There are scads of books, conferences and seminars on data warehousing. Magazines devote entire sections to data warehousing issues. Companies have appointed data warehousing managers and teams. And almost every organization is building a data warehouse or data mart of some kind. No doubt, data warehousing is big business. In fact, it's a multi-billion dollar business. But, really, it's only the tip of the iceberg. Many folks are beginning to recognize that a data warehouse is the first step toward building an information infrastructure that supports a complete range of analytical activities and applications.
So what do we call the whole iceberg? Business intelligence. Here's a good definition that has been put forth by The Data Warehousing Institute:
Business intelligence refers to the process of turning data into knowledge and knowledge into action for business gain. It is an end-user activity that is facilitated by various analytical and collaborative tools and applications as well as a data warehousing infrastructure. It encompasses all types of data hierarchical, relational, text, spatial, audio, video, etc.
Whereas a data warehouse focuses on structured data that can be stored neatly into relational tables, business intelligence encompasses the broad range of data and information that business people use to make decisions and take action. A data warehouse is just one source of information that companies need to make sound decisions and plans. (See Figure 1.)
Business intelligence also implies that information is presented to users in the context of the business processes in which they work. Users access any type of information through applications designed to support their work processes. Behind the scenes, the application supports a variety of data access engines that fetch the appropriate information and embed it transparently into the user's application.
In business intelligence, users are not forced to shift paradigms to access and analyze data. Query/reporting and analysis tools are embedded into applications which support core business processes. Access is intuitive, analysis is immediate and little training is required. Users can take action within the same context as their analysis. All analyses, actions and the effectiveness of past decisions are documented and shareable with co-workers, creating a continuous feedback loop.
Some people might claim that what we are really talking about here is knowledge management. And they might be right. There is considerable overlap between the two disciplines. The only difference is that business intelligence implies the existence of a data warehouse, whereas knowledge management does not. Also, knowledge management tries to extract, document and catalog unwritten business rules and contextual information based on experience that individuals "store" in their own minds.
From a high-level perspective, business intelligence and knowledge management start at different ends of the information analysis spectrum. Business intelligence starts with a data warehouse and query/reporting and analysis tools for the purpose of measuring historical activity. Over time, business intelligence activities will expand outward to embrace other kinds of data and business processes that currently fall within the domain of knowledge management.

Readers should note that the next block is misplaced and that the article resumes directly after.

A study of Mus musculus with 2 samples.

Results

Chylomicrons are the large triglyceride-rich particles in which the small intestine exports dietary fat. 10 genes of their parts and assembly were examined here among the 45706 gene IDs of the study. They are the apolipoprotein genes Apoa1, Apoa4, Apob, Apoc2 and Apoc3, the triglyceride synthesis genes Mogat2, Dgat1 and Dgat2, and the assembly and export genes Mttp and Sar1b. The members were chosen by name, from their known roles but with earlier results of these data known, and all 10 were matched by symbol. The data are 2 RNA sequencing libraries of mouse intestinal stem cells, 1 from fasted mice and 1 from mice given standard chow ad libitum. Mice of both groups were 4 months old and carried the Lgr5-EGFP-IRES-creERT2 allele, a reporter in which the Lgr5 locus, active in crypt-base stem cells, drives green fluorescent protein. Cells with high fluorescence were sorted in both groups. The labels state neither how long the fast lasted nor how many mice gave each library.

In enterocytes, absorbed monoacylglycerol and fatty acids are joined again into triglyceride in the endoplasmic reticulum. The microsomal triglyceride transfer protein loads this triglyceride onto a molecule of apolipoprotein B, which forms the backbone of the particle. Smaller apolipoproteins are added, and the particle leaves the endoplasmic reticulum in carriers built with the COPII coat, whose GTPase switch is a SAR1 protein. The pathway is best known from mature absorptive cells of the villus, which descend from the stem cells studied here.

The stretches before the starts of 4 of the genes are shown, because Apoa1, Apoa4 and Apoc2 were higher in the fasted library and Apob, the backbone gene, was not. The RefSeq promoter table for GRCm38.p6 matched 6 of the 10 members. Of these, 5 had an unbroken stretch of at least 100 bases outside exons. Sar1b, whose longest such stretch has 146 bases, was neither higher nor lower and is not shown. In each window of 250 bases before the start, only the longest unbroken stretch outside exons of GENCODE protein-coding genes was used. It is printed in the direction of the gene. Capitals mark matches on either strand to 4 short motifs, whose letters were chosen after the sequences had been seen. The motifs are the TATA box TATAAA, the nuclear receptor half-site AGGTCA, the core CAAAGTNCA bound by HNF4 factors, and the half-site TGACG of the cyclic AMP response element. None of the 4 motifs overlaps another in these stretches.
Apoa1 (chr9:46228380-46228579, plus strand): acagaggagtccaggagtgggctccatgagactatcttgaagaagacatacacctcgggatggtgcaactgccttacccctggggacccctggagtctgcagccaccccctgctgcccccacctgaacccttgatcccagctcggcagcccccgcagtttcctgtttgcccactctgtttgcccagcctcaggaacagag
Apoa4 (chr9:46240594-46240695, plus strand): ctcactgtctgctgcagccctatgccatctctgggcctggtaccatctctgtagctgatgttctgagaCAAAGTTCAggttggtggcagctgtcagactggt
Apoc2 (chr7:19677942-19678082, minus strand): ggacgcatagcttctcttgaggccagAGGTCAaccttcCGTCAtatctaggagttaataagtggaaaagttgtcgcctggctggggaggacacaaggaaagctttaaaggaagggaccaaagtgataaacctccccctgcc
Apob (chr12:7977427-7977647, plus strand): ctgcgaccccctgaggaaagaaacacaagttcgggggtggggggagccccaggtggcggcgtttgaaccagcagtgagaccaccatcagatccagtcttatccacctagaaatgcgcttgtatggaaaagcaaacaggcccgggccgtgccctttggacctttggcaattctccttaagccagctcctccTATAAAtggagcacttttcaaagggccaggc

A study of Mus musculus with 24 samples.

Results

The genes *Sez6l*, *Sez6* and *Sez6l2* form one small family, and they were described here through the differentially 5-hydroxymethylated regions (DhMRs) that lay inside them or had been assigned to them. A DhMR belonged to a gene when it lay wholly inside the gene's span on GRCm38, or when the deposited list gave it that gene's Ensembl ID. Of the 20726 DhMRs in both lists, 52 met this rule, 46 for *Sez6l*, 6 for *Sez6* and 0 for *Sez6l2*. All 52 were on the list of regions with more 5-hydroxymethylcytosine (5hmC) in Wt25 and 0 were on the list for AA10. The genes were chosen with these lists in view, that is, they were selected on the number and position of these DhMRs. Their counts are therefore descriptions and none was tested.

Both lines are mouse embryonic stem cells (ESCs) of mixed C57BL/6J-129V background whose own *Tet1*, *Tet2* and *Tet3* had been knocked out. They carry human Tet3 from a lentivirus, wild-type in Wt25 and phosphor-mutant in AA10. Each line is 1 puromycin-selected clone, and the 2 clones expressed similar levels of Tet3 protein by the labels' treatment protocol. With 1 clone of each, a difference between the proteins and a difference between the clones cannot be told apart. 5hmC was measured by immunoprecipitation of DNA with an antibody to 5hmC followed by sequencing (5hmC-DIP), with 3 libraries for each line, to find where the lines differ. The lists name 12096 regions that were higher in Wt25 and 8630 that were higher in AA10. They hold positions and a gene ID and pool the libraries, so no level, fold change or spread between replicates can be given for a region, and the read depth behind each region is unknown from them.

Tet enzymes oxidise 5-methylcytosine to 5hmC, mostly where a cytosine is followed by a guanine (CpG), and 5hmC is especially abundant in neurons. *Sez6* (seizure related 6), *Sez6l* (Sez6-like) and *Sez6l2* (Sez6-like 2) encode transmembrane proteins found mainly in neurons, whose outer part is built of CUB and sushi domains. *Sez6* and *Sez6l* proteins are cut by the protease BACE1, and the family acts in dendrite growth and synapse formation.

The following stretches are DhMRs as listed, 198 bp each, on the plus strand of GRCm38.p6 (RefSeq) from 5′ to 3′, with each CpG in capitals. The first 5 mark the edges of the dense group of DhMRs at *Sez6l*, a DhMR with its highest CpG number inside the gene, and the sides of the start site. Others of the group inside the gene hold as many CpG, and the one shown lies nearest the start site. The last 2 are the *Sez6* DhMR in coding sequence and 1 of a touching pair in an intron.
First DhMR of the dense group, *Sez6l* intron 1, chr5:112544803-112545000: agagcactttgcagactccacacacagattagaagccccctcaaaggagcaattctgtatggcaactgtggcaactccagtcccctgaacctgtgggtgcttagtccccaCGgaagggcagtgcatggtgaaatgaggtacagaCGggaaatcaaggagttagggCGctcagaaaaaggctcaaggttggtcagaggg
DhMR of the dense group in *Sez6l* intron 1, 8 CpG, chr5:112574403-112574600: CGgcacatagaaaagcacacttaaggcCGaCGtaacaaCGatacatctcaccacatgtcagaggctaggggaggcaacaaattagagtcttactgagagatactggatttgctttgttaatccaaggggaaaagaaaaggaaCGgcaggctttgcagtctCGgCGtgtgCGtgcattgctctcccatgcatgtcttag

For example, many companies and software developers are already integrating data mining tools to anticipate the future based on historical data or visualization tools to quickly scan large chunks of relevant information. Other companies are trying to integrate text and images with data warehouses, using collocated document management systems or object/relational databases. Many companies are also beginning to "push" relevant information to users in real-time based on predefined business rules or collaborative arrangements with co-workers.
Knowledge management initiatives, on the other hand, have focused on unstructured data, such as text, documents, personal notes, Web pages and experiential knowledge. Key knowledge management tools are text retrieval engines and linguistic analysis and artificial intelligence tools for searching large bodies of unstructured data for specific information or patterns.
Knowledge management applications tend to support previously ad hoc business processes, such as gathering competitive intelligence, creating personalized newspapers, managing skills inventories, documenting "lessons learned" from business projects and synthesizing "best practices" from previous decisions and programs.
Ultimately, the disciplines of business intelligence and knowledge management will converge. From a technology perspective, we will either store all critical business information in a relational knowledgebase, or we will integrate various engines to create a giant publish-and-subscribe architecture that can dish up information to users or applications based on predefined preferences or business processes. I suspect both types of architectures will gain momentum.
From a business perspective, companies will continually look for ways to leverage information for competitive advantage. In the current business climate, companies are recognizing that information and knowledge and the ability to act on them are their most valuable resources. Consequently, companies will continually realign processes and reshape organizational structures to facilitate the acquisition, utilization and application of information and knowledge.